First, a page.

Cravath Scales Up With Aggressive London Move

Cravath Scales Up With Aggressive London Move

Cravath, Swaine & Moore have opened their London office with a move that sees Shearman & Sterling lose two key finance partners in another reversal for one firm and a step forward for the other.

New York-headquartered Cravaths, the #1 law firm on the LawFuel List of the World’s Most Prestigious Law Firms, is planning to introduce English law services by hiring a team from Shearman & Sterling in London.

Cravath is also ‘home’ to the so-called ‘Cravath Scale’, the basis upon which pay levels are set for associates in Biglaw practices.

Cravath has had a presence in London since 1973, providing US law counsel and currently has three partners qualified in US law listed on its London office website.

A recent interview with Cravath’s London managing partner Philip Boeckman noted that the firm was commited to “a longstanding commitment to helping clients in the UK, elsewhere in Europe and further afield.

“Cross-border work has always been a hallmark of Cravath’s practice and we’ve increasingly seen clients appreciating and benefiting from our ability to support them from not only New York,” he said.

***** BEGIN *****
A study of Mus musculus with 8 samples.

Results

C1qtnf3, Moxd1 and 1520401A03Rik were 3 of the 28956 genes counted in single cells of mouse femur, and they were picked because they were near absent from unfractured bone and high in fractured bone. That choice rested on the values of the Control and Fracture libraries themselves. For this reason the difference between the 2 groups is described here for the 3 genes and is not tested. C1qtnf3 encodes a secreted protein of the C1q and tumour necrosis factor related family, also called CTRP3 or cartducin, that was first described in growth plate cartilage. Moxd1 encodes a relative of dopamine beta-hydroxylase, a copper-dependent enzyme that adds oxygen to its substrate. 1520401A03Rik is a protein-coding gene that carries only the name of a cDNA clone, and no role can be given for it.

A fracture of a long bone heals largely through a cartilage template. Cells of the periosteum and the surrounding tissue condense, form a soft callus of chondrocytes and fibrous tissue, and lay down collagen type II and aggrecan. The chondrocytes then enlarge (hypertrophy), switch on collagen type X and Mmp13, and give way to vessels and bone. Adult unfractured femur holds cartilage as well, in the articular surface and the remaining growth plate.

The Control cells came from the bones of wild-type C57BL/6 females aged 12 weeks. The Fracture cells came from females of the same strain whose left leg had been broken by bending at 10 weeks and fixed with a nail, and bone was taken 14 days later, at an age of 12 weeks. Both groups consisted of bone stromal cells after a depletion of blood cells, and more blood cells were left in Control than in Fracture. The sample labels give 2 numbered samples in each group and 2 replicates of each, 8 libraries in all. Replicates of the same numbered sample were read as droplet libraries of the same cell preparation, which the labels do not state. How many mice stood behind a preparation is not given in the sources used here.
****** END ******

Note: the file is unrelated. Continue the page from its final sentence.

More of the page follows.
However, the recent recruitment of finance partners Philip Stopford and Korey Fevzi from Shearman in London suggests that Cravath will now offer English law advice to broaden its practice in the wake of Brexit and further entrench itself in the City.

The departures of Stopford and Fevzi are the latest in a series of setbacks for Shearman, also headquartered in New York, which has experienced several partner departures from its offices in Europe and the Middle East in recent weeks.

Among the departures are Philip Cheveley, EMEA corporate head, moved to Sidley Austin in London, Helena Potts, a restructuring partner, joined Paul Hastings in London, and a Middle Eastern team transferred to Gibson, Dunn & Crutcher.

Reports indicate that Shearman is currently in talks of merging with Hogan Lovells, a transatlantic law firm, in a deal that would result in a firm with revenue exceeding $3bn projecting the firm back into the biggest law firms in the world.